It turns out that not all dividend-paying companies have gotten stingy. Cardinal Health (CAH) boosted its payout 25% on June 2—to an annual rate of 70¢ per share from 56¢—a welcome reminder that, despite the recession and financial crisis, some companies are finding ways to be more generous to shareholders.
Dividend-focused investors needed the reminder after a rough year for those who depend on income from quarterly payouts. This quarter, payments by companies in the Standard & Poor's 500-stock index are down 20% from a year ago, according to S&P.
Investors accustomed to regular dividend growth have seen major sectors, especially financials and consumer discretionary, cut payouts to the bone. Meanwhile, in healthier sectors, "the increases are much fewer and smaller," says S&P senior index analyst Howard Silverblatt.
Fallen Aristocrats Likely
So far in 2009, 80 companies in the S&P 500 have raised dividends, netting shareholders an extra $5.4 billion, S&P says. However, 63 firms have reduced payouts, for a $46.3 billion hit to dividend income. (S&P, like BusinessWeek, is a unit of the McGraw-Hill Companies (MHP).)
Investors have been disappointed by some of the stock market's most consistent and generous dividend payers. S&P keeps a list of "Dividend Aristocrats," firms that have increased payments for 25 consecutive years. Changes to the list won't be official until the end of 2009, but many aristocrats seem to destined to lose their rank.
Of 51 aristocrats in the S&P 500, nine haven't increased their dividend since 2007. They include Avery Dennison (AVY), Johnson Controls (JCI), Leggett & Platt (LEG), and M&T Bank (MTB).
Supervalu Raised Its Payout
Several aristocrats actually cut payouts this year, including General Electric (GE), Gannett (GCI), Pfizer (PFE) and US Bancorp (USB).
Other firms are holding onto their aristocratic designation with the tiniest of increases. Supervalu (SVU) increased its dividend 1.45% in May.
But some companies, even in hard-hit sectors, have managed to boost payouts. Lowe's Companies (LOW) raised its dividend 6% in May despite its exposure to the U.S. consumer and slow housing market. Johnson & Johnson (JNJ) upped its payout 6.5% in April, and Abbott Laboratories (ABT) raised its dividend 11% in February.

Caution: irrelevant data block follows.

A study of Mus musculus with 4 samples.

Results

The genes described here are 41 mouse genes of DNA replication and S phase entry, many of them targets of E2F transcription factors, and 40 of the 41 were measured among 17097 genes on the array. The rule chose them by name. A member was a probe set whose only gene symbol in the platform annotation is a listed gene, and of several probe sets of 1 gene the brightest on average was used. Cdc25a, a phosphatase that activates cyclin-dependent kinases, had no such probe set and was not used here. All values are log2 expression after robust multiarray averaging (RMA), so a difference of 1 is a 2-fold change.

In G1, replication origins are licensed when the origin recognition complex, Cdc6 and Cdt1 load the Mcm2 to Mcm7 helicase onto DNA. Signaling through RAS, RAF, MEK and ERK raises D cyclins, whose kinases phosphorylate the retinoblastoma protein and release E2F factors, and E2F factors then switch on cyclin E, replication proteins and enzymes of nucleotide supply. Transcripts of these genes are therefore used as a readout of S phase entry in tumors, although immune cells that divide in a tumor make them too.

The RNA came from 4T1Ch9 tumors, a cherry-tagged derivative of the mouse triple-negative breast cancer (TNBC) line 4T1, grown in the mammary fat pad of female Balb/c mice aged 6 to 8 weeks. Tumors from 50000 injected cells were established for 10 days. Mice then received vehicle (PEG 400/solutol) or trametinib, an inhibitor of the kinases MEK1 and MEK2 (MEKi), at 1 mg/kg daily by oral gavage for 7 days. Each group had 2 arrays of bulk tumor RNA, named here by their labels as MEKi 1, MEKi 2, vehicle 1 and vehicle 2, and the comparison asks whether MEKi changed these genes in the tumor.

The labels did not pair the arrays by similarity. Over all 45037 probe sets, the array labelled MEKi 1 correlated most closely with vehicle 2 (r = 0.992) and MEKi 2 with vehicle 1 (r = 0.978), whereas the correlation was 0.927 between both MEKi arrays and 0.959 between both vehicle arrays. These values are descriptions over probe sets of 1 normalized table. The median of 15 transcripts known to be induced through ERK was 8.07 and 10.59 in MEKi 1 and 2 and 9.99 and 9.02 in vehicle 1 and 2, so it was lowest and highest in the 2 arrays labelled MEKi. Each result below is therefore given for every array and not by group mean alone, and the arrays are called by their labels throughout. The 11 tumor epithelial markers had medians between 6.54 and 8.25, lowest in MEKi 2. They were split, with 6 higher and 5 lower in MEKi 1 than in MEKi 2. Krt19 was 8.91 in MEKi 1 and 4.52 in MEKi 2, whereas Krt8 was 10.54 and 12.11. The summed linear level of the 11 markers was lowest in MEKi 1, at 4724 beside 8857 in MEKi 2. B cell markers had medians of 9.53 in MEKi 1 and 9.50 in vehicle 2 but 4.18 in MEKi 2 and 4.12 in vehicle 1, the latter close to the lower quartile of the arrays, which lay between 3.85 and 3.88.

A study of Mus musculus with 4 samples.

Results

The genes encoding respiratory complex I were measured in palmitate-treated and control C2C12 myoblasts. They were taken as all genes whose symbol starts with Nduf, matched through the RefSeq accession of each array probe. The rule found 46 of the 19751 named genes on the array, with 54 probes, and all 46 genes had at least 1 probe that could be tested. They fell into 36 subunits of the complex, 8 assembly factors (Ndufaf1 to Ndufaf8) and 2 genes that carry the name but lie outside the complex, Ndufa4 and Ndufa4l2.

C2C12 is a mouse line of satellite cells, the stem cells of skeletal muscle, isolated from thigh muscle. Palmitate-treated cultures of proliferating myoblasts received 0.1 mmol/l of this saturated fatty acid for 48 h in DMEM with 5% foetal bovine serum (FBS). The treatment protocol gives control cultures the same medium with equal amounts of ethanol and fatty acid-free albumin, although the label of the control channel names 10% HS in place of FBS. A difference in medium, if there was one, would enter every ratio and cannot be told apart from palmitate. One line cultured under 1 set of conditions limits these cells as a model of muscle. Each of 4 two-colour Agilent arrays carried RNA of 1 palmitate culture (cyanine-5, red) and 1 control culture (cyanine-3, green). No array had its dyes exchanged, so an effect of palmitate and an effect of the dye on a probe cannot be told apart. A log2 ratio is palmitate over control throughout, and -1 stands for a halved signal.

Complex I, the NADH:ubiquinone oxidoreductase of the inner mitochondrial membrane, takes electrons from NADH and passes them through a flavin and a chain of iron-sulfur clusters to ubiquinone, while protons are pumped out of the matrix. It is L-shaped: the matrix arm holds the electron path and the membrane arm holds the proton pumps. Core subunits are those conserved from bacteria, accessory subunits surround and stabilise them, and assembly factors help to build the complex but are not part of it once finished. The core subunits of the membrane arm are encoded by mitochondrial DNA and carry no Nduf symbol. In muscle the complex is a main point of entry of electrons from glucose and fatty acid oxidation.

Finance Firms Hard Hit
"There are some very sound companies, with rock-solid balance sheets [paying high dividends]," says Robert Siewert, portfolio manager at investment management firm Glenmede. He owns Procter & Gamble (PG), the consumer staples giant that raised its dividend 10% in April.
Dividend cuts have been most severe in the financial sector. Scott Schluederberg, a portfolio manager who runs a dividend strategy at Hardesty Capital Management notes dividend cuts were often a condition of federal bailout funds, even at firms like JPMorgan Chase (JPM), which might otherwise have avoided a payout reduction. "That was a difficult period to navigate through," Schluederberg says of the wave of financial dividend cuts earlier this year.
Financial payouts have fallen so far so fast that "there's not much further for them to go at this point," says Dan Genter, who manages dividend-focused funds at RNC Genter.
Health Care Looking Flush
According to S&P, the financial sector made up 29% of S&P 500 dividends at the end of 2007, but makes up only 9% now.
That makes it more difficult to find financial stocks that pay healthy dividends, even if, Genter says, "We'd still like to have some financial ownership." With bank payouts so low, he has focused on dividend-paying insurance companies and other nonbank financial stocks.
In the health-care sector, by contrast, dividend increases are far more common, as demonstrated by Johnson & Johnson, Abbott Laboratories and Cardinal Health. For health-care firms, "cash flow is going to stay relatively stable," Genter says.
Recovery Could Lift Payouts
As with many trends in the stock market, much depends on whether the economy can recover in late 2009 and 2010. S&P's Silverblatt says many dividends are "on thin ice" and could be cut in August or September if companies are pessimistic about the coming year.
In the economy rebounds, however, companies can afford to be generous to shareholders. Now that so much dividend cutting has already taken place, investors might actually start to see their income from equities rise again.